Commercial office conundrum. To retrofit or not and can the Green Building Fund really assist?
8 March 2010,
Alastair Walker has joined the Gold Coast Business News team. The managing director of Napier & Blakeley property consultants will offer monthly commentary on the latest trends and issues facing the property industry.
For owners of commercial property around the country, the current market is a struggle with increasing vacancy rates, decreasing rental levels and tenants demands.
With incentives increasing and tenant opportunities decreasing, it’s clearly a difficult time for commercial property owners and the effects on the Gold Coast market are there for all to see in terms of vacancy.
Going forward, there are a number of issues for owners, including tenant retention, building obsolescence, effective rental levels and at the end of the day keeping up with the Joneses. From a tenant retention and incentive perspective, there are clearly many tenants with a desire to be accommodated in cleaner greener spaces at a realistic market price.
When the economy and the commercial office market recovers, the main question moving forward is will your asset be up to scratch to capture new tenant demand or be good enough to keep your existing tenants coming out of lease?
This year will also see the introduction of mandatory NABERS (National Australian Built Environment Rating System), where property owners will have to disclose the energy efficiency star rating of their asset if they lease space or intend to dispose of an asset.
The Federal Government, through AusIndustry established the Green Building Fund to assist commercial property owners green their assets by reducing their energy consumption by retrofitting assets. As far as we know, no Gold Cost commercial property owners have applied for retrofit funding from the fund.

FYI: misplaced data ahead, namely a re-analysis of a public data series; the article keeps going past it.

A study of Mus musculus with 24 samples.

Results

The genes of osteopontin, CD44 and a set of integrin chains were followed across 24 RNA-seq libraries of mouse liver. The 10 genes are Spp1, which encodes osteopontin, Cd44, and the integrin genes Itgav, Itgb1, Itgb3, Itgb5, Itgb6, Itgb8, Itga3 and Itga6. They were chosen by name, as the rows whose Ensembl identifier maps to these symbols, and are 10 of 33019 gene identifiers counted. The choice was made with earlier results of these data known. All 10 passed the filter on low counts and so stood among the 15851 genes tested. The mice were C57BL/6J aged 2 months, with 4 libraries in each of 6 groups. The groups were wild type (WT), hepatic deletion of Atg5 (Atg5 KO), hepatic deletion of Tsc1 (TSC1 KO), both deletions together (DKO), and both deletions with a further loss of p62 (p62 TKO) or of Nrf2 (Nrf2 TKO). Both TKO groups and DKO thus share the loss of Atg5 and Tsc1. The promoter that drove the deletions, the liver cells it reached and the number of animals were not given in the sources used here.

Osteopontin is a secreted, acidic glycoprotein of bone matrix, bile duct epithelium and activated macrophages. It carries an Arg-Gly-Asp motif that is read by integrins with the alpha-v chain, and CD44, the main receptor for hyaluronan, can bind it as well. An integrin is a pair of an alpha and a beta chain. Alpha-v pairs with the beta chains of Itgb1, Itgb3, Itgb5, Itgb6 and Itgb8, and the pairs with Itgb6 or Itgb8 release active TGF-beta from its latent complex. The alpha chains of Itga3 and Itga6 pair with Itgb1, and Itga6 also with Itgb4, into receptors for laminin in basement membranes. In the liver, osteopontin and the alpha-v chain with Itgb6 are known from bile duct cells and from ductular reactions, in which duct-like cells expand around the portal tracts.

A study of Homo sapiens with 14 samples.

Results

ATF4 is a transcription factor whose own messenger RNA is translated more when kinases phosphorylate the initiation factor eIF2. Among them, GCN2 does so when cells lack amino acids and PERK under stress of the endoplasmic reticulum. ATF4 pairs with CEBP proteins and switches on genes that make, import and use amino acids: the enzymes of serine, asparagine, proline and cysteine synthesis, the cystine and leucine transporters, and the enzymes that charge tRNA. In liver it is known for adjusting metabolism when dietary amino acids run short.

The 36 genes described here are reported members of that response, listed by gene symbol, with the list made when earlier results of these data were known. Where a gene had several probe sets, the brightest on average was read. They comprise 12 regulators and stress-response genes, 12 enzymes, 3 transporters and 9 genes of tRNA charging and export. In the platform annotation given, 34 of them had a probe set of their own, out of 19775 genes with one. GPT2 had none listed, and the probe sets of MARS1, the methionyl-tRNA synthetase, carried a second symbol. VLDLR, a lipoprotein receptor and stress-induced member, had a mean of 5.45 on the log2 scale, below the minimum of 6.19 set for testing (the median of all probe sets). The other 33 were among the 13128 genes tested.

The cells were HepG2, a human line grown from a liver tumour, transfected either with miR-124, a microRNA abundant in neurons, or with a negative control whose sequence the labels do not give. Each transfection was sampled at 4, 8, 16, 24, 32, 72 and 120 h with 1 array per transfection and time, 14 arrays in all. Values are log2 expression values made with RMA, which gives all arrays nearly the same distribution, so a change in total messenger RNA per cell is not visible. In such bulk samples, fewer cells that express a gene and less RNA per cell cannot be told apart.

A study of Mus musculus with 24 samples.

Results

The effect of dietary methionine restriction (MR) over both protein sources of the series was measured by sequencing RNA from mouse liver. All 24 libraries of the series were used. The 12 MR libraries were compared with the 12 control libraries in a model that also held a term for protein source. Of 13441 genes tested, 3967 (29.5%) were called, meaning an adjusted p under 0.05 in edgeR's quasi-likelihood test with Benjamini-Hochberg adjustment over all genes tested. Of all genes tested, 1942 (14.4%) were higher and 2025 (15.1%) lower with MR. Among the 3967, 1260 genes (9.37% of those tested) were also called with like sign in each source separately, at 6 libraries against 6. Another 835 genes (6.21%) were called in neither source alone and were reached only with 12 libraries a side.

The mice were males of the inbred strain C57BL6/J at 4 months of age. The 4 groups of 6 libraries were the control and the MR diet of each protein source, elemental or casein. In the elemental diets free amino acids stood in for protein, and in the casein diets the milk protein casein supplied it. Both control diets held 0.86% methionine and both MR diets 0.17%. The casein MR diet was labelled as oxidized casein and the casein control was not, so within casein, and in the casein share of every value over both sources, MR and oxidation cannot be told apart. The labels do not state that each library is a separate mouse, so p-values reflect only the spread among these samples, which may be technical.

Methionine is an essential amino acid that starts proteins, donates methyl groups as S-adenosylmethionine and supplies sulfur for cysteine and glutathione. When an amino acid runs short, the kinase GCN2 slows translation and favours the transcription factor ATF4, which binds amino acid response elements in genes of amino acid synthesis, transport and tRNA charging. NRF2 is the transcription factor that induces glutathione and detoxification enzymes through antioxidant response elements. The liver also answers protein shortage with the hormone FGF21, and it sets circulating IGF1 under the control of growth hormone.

The Gold Coast has around 327,369 sqm of B, C and D grade commercial office space and to date only three buildings have successfully received funding from the Green Building Fund.
Typical works the government will fund are items like lighting, HVAC systems, glazing and shading and building management and control systems.
Basically all the areas that energy consumption can be reduced or managed more effectively.
Clearly in the current climate there is a resistance and also a difficulty in raising capital to fund asset improvement. So can the Green Building Fund help?
The fund’s primary aim is to assist in reducing the impact of Australia’s built environment on green house gas emissions, by reducing the energy consumed in the operation of existing commercial office buildings.
The program provides grants through its Stream A section targeting owners of existing commercial office buildings. It supports retrofitting and retro-commissioning of commercial office space and grants can range from $50,000 to $500,000 for up to 50 per cent of a retrofit project cost.
Applications can be submitted for individual buildings or as part of a consortium bid of multiple buildings and owners, and some of the qualifying criteria around individual or consortium are as follows:
• 70 per cent commercial office space use for the last 12 months
Owners and applicants must:
• Be registered for GST
The initial analysis required includes an evaluation of current energy efficiency and options going forward, followed by retrofit recommendations with cost estimates and a program of events for the retrofit works.
The Fund has already had five rounds pass and there is only more application period to go with the last one just closed on January 12 and the last opportunity to apply closes on April 27. Eligible projects that are successful in achieving funding must be completed by December 31, 2011.